By GRETCHEN MURRAY Special to the Record-Eagle
Traverse City Record-Eagle
---- — TRAVERSE CITY — Apples are delicious and they’re known to pack a nutritional wallop, but it was all about a fruity crunch factor for area students who recently participated in Michigan’s first Apple Crunch Day.
Kelly Lively, special projects and school liaison for Cherry Capital Foods in Traverse City, coordinated local Apple Crunch Day events at numerous northern Michigan schools. She estimated that about 70,000 students across the state took a bite out of a fresh Michigan-grown apple on Oct. 24.
The activity coincided with Food Day 2013, a nationwide movement that encourages Americans to choose healthier, affordable and sustainable foods.
“Cherry Capital Foods is a food distribution company that works exclusively with Michigan farmers,” Lively said. “We deal with Chartwells, a school dining service company, to provide close to 200 school districts in Michigan with apples from our local farms.
“In northern Michigan we provide all the produce to 25 school districts.”
Lively said Apple Crunch Day is a growing national event.
“This wasn’t intended to be a ‘flash mob’ kind of event,” Lively said. “Schools could decide how and when they wanted to participate, but we encouraged students and staff to consider anything from dressing in the colors of apples that day to just setting out bowls of apples in the cafeterias.”
Janis Groomes, food service director of Northport Public School, said the school opted for one big, simultaneous crunch during a morning school assembly, when Ginger Gold and Gala apples from nearby Bardenhagen Farms were distributed to students.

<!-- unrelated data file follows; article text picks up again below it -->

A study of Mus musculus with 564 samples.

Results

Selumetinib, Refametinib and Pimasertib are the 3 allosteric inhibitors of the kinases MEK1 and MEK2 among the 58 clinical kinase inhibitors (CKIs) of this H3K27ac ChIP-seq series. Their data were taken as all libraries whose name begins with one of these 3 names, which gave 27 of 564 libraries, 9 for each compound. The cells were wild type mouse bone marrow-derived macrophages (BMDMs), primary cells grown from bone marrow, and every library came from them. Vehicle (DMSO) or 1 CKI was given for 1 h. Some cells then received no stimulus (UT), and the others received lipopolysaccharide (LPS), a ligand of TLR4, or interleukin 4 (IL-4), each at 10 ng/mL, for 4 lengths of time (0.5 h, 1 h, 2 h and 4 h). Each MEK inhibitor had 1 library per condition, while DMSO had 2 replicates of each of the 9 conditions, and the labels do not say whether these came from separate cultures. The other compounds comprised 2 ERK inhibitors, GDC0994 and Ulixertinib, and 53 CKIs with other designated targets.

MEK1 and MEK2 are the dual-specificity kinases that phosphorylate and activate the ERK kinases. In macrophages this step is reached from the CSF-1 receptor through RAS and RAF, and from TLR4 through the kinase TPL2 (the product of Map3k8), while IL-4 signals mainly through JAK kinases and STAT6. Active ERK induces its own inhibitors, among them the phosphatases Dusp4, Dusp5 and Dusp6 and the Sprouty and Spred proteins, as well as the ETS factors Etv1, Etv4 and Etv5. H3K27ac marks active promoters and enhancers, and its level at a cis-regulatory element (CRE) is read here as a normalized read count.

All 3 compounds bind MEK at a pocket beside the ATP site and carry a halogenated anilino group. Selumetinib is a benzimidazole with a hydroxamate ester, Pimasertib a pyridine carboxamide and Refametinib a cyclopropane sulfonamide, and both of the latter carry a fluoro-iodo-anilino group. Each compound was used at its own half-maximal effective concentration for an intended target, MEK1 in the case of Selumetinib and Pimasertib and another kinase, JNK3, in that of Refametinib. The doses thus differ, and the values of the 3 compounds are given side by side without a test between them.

“We’re a K-12 school, and we got our entire 178-member student body together for the event,” Groomes said. “October is National Farm-to-School month, and our students have been learning that 99 percent of the food we serve in the school comes from local farmers.”
“Grand Traverse Area Catholic Schools are already ahead of the curve in connecting diet to learning,” Lively said.
GTACS participated even though the main cafeteria at St. Francis High School was closed for hot lunches on Thursday.
“I signed up even though students had to bring brown bag lunches that day due to our commercial kitchen being used for preparations for the weekend’s Gladhander,” said Dining Service Administrator Karen Spencer. “But we delivered apples to our younger students as mid-morning snacks and made them available to students who ate their lunches brought from home.”
Spencer said GTACS’ Life Balance Initiative emphasizes the idea that healthy food and exercise go hand-in-hand with learning.
“GTACS is a private school, and the cost of our school lunch program is included in the tuition for kindergarten through second grade students,” Spencer said. “This is a concept Superintendent Mike Buell and Chef Mike Bauer have encouraged as a way to introduce healthier eating to younger children and help them realize there is a great variety of food out there that should be tried.”